Survive Xmas in Style

The Xmas Party – Survive in Style

  • The silly season is fast approaching as we struggle through the last few weeks of the year trying to cope with the stresses associated with meeting work deadlines, Xmas shopping, larger than normal grocery bills and then the staff Xmas “DO’’!!
  • Here are some etiquette “do’s and don’ts” that could be helpful if you are organizing or attending the end of year function.
  • Delegate the details of the function as you require, but guarantee a successful party by putting one person in charge, everybody should report to this person.
  • If a meal is involved make sure you have catered for everybody’s dietary requirements. In our multi cultural society this is mandatory.
  • If gifts are to be exchanged, set a financial amount of around either $5 or $10, and get each person to select a name out of a hat. Humorous gifts can work well and be a great way to break the ice.
  • If you are hosting the function you are the one responsible for ensuring nobody gets out of hand and even wall flowers have as good a time as they can.  Keep an eye out for the office show off who relish their time in the limelight and can trap an unwary victim, often for hours. Rescue them!
  • Make sure that no one drinks too much. It is a social responsibility to serve food when there is alcohol, to supply non-alcoholic beverages and have arrangements made to provide transport or ensure nobody drinks and drives.
  • There are responsibilities that go with being a guest. Try to remain relatively sober if this is a customer or client you really want to impress. Even if everybody is feeling a little on the bright side avoid baring your soul, showing over the top affection to your romantic partner, or to anybody you fancy as a romantic partner, or making aggressive sexual advances to any of your colleagues. You do have to work with these people after the holidays. The old rule of one glass of alcohol followed by two glasses of water is a good guide to go by.
  • Ask shy guests or any body new to the company to pass things around. This gives them something to do as well as an excuse to make conversation with different groups.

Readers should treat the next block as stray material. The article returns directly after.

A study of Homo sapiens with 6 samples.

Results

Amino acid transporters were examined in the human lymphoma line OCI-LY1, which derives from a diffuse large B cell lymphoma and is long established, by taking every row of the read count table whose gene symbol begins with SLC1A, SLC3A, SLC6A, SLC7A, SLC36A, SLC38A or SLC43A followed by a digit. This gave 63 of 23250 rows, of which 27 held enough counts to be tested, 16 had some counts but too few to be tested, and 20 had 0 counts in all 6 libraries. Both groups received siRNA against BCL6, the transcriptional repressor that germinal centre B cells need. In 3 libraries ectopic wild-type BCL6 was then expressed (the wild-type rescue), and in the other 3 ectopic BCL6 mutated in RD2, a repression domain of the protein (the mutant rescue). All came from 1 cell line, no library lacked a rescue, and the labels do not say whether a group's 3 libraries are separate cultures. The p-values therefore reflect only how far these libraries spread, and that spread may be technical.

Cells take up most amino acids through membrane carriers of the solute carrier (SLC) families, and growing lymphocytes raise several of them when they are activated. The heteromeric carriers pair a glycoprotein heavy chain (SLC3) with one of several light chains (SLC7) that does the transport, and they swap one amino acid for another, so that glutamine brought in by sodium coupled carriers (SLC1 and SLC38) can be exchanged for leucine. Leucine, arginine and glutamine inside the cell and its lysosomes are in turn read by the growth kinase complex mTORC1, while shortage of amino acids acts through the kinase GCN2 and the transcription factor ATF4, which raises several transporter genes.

• Use this as an opportunity to practice your networking skills, remember names; be interested in what others are saying and try to include
  • Everybody around you in the conversation, when you are seated for a meal.
  • The question “how are you?” is a social script, not a permit for you to relate your medical history or disastrous love life in absolute detail. “Fine thanks, how are you?” is the expected response. Do not talk with your mouth full. When eating at a function, it is more useful to take small mouthfuls that can be quickly swallowed if somebody starts talking to you or asks you a question. Do not eat and drink at the same time.
  • Remember your manners, especially at a sit down dinner. If you are unsure of the table setting begin by using cutlery from the outside in, your glasses are at the top of your knives on the right hand side, and your napkin and bread and butter plate are on your left. Place your napkin on your lap; do not tuck it into your collar or neckline. If you drop cutlery on the floor leave it there and politely request a replacement.
  • Do not swear, shout, tell long winded boring stories, talk over people loudly or totally dominate a conversation. This is a social occasion not a platform for you to go off for hours on your favourite work problem or obscure hobby.
  • What to wear can be a dilemma for some people. If the staff function is in a restaurant then party mode is appropriate. Be a little restrained in levels of outrageousness. The thigh high split to the navel number may go down a treat with the gang but probably not with the boss’s partner or wife. This is a ‘work do’ and the impression you make on your work associates could help or hinder when it comes time for that promotion you have been gearing yourself up for. Appearing well dressed, well groomed and well styled will only add emphasis to how great you would be in that coveted position.
  • If the function is casual and the dress code is to be casual make sure everybody, including invited guests are aware of this.
  • Ensure invitations have the correct time, date and venue on them.